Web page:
Musings, Droppings, Streams and Flashes

Vague musings, name-dropping, streams of consciousness and occasional flashes of brilliance... from Johnson’s World.

June 14, 2021

I’m not much of a fashionista, but I couldn’t help but be struck by how well Bizzarri was dressed, looking classic yet hip, sharp and perfectly tailored in the European style. Wow, I wish I could look that good. Oh, wait, I can. All I need to do is spend $5000 or so for a Gucci suit, and few hundred more to have it perfectly tailored, and voila I’m stylin’.

I don’t think I’d ever spend that much money for a suit, but I’m sure Bizzarri does. Some would say Gucci sells clothes and accessories, but in reality they sell style. Bizzarri doesn’t dare go anywhere without looking perfectly put together, well accessorized, and immaculately groomed. It’s his business and his brand.

Remember that the next time you don’t have a business card to give someone.


“We have invented nothing.” —Attributed to Pablo Picasso, after viewing the famous 30,000 year old Lascaux cave paintings. 


“I can’t tell you how much money I’ve made as a tech consultant helping people recover files saved in formats that no longer exist. That will never happen with my paper notebooks. Those will be able to be read for the next ten thousand years…It can live for eons. That beats any backup any digital file can promise me.” —Patrick Rhone, who writes the blog The Cramped: Celebrating The Unique Pleasures of Analog Writing. (The irony of celebrating handwritten ink on paper online in a blog isn’t lost on me.)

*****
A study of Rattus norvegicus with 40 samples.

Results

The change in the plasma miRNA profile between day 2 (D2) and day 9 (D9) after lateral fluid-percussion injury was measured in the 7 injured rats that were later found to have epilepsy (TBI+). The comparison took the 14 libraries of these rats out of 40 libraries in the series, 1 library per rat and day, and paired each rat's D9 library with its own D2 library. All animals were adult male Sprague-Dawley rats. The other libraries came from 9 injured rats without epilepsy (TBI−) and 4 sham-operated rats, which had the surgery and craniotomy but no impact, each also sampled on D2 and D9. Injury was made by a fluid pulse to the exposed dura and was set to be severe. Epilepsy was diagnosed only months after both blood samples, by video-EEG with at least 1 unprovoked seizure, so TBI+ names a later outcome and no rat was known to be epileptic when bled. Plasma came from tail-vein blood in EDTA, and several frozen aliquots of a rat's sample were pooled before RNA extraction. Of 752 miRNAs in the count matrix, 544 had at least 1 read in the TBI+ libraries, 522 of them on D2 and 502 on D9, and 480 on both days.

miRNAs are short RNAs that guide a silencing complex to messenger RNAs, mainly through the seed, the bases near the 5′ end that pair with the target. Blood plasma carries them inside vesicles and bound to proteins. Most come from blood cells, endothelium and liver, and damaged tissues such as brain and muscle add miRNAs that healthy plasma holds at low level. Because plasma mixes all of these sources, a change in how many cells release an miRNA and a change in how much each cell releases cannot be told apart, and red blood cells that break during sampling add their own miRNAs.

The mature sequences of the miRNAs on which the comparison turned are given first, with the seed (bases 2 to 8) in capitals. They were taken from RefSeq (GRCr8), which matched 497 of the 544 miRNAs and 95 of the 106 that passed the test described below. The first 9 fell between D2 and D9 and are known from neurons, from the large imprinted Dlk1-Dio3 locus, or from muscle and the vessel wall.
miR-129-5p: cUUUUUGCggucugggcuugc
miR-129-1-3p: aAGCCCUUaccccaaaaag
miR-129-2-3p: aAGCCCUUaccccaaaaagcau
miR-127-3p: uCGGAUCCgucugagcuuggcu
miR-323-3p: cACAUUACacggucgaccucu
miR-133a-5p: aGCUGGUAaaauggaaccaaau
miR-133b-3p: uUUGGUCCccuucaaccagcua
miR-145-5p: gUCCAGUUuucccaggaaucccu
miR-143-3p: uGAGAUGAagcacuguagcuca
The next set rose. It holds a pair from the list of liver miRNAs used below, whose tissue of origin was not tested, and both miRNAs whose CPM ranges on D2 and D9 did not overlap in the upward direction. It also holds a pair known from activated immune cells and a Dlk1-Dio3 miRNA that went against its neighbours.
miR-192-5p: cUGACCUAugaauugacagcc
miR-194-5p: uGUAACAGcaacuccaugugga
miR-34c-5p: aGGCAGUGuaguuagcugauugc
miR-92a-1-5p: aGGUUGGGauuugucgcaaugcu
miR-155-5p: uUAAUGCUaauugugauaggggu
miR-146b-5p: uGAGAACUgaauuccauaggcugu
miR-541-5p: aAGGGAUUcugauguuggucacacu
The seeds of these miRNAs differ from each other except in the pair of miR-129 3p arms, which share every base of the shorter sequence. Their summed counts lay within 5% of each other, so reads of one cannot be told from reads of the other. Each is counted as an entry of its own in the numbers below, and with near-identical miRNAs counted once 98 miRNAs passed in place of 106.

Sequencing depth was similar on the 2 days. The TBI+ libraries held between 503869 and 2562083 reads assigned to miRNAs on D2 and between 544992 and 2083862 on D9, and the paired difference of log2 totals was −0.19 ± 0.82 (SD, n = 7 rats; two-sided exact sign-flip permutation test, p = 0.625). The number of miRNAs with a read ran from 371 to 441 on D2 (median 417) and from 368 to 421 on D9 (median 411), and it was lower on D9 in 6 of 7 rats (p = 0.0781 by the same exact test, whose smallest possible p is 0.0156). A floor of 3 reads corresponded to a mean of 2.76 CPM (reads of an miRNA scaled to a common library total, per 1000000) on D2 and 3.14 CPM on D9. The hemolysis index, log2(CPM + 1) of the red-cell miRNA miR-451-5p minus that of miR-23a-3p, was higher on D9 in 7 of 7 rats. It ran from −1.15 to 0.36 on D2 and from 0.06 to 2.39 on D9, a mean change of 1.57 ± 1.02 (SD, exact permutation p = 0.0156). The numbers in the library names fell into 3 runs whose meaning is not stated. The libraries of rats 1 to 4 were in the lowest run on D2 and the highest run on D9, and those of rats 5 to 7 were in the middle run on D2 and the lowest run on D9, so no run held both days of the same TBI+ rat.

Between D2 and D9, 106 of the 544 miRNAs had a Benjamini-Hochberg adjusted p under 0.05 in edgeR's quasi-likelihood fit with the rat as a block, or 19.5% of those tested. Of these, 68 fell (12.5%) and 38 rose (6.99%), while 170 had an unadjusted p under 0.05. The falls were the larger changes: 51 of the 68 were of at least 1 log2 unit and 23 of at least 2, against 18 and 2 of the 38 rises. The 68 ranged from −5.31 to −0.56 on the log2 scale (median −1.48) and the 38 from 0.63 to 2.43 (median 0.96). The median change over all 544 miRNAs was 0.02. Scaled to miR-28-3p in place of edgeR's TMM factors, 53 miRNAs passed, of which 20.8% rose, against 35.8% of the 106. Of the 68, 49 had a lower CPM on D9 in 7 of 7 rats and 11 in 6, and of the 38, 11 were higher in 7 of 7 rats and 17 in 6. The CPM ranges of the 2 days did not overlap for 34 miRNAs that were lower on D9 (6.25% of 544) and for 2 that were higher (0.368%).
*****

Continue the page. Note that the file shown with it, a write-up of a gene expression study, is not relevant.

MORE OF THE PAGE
No matter how hard you push the envelope, it will still be stationery. 


“I taught high school English and music. Students wanted printed materials and the only place they got it was in choir, band and orchestra. However, when I taught literature I insisted my students read from a paper bound edition. Most like it, because they didn’t need wi-fi to finish their assignments.” —Angel Szalonek, responding to an editorial I published documenting the superiority of print for learning.


Why is it that the only time anyone uses “you know” in conversation is when you don’t know, and they don’t either? 


Digital print or conventional print? Do you have a preference? More importantly, do your clients? Do they even care how you affix ink to paper?

I’m reminded of the musical term “acoustic piano” which was invented in the 1970’s. (The term was invented, not the piano.) Some critics in rock and jazz circles felt that a new name was needed, one more specific than just “piano” since confusion might result as the electric version of the piano came into more common use.

When the electric piano was introduced it sounded harsh and electronic. In its infancy, digital imaging likewise looked harsh and artificial. In the ensuing half century, the digital versions of both piano and print have essentially achieved the quality of the medium they sought to emulate.

If it has 88 keys, it’s a piano. If it is ink on paper, it is printing. The rest is just labelling.